A focus on the economy and trade (particularly in light of forthcoming negotiations on a Transatlantic Trade and Investment Partnership between the United States and the EU) has made a stronger political case for UK access to the products of genetic engineering.
Recent statements by the Environment, Food and Rural Affairs Minister are clearly designed to indicate to technology companies that the UK is ‘open for business.’ In addition, the UK government is keen to make the European Union regulatory system governing genetically engineered (GE) crops “more efficient and more effective”.
The UK has some of the largest and most efficient farms in Europe, but recent extreme weather events and a reduction in available fungicides and pesticides (as a result of an EU review) has left horticultural production vulnerable. The UK is keen to attract inward investment in plant science applications and capitalize on any growth opportunities presented by agricultural biotechnology.
As a policy response, the UK is developing a long-term agri-tech strategy focused on knowledge transfer and the application of technology to the agricultural sector. An initial indication of its scope is expected by mid 2013.
Despite the fact that the UK feed and livestock industries are protein-deficient, trade in these products continues to be erratic. Confidence to trade is wholly dependent on EU approval (for food and feed) for new GE crops grown outside the EU in the main supplier countries of Argentina, Brazil and USA. Low Level Presence (LLP) of unapproved GE events in bulk shipments remains a concern that dominates trade decisions, since the threshold for feed is very low at 0.1% (only for traits already in the EU approval pipeline) and continues to be zero tolerance for the food supply chain.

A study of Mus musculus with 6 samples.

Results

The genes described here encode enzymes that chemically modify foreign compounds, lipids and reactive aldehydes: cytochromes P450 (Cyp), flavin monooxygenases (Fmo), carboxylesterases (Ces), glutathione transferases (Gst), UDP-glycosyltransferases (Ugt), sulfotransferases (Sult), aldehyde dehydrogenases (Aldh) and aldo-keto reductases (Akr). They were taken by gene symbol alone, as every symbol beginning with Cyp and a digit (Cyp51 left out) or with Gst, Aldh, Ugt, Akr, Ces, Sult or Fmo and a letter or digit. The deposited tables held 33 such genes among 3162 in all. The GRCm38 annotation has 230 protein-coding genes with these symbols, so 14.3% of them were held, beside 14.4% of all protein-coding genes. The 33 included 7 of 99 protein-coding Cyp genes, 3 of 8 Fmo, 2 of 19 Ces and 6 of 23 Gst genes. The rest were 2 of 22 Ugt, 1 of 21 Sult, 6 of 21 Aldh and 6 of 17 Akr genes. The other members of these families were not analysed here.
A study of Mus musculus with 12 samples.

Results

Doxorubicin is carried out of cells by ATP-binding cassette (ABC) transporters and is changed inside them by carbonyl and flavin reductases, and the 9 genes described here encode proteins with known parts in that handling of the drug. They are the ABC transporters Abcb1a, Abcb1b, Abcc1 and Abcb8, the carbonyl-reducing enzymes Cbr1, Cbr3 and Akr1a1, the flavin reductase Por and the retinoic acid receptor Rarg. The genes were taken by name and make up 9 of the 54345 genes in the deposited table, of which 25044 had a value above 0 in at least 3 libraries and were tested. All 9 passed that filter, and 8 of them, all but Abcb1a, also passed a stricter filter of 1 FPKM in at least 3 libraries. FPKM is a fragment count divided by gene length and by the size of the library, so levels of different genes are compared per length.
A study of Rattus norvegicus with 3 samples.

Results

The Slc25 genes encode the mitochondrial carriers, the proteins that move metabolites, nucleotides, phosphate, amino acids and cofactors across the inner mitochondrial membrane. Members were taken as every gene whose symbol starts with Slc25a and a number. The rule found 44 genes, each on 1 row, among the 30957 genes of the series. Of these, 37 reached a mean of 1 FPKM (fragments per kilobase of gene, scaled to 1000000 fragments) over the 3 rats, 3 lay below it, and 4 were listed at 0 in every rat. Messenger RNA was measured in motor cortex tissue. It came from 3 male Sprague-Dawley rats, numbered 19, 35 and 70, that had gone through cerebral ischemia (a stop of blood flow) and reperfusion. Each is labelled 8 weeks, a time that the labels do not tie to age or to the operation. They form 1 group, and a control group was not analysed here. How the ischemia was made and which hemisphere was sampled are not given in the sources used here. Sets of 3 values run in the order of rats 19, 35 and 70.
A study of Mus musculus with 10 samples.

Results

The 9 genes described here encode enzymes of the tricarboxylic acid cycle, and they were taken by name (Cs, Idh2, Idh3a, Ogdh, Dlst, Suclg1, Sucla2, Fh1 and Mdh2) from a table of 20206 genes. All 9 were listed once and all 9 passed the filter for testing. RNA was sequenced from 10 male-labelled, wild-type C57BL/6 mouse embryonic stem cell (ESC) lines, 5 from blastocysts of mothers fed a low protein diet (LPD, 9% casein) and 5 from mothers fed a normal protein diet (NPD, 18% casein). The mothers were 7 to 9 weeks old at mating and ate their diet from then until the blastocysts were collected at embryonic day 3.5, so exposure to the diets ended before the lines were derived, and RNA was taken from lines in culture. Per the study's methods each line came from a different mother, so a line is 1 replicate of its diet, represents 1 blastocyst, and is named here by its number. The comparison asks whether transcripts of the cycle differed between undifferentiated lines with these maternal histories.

UK political leadership on this issue may give greater confidence to the food industry to incorporate more products of genetic engineering in the food chain. There is an increasing global adoption of biotech in crop production, a zero tolerance of unapproved biotech events in the food chain, and an extremely low tolerance in animal feed (0.1%) within EU law. These factors are affecting the availability and cost of non-biotech ingredients to the extent that several major supermarket chains and foodservice suppliers are reviewing their policies. This is creating a more favorable market for biotech animal feed. Incorporation of ingredients derived from biotech crops is happening on a case-by-case basis so that the cost-benefit analysis to consumers is clear.
With regard to consumer acceptance for biotechnology, there is a vocal minority opposed. However, most surveys show apathy and lack of knowledge by the general population, who rely heavily on supermarket chains to provide them with safe, quality food. There is a dominance of private label products in the UK market and an inherent trust (cultivated by the retailers) that they will “do the right thing” for their customers.
Generally, there are signs that the ground is shifting in the UK. Trade and even the mainstream media is increasingly making a case for the technology and calling on industry and the public to be more open-minded about potential benefits. There is a growing awareness that European consumers are buying meat from animals fed on biotech feed, and a growing acceptance that biotech crop derivatives in the food supply chain are inevitable, and to be managed, if not embraced.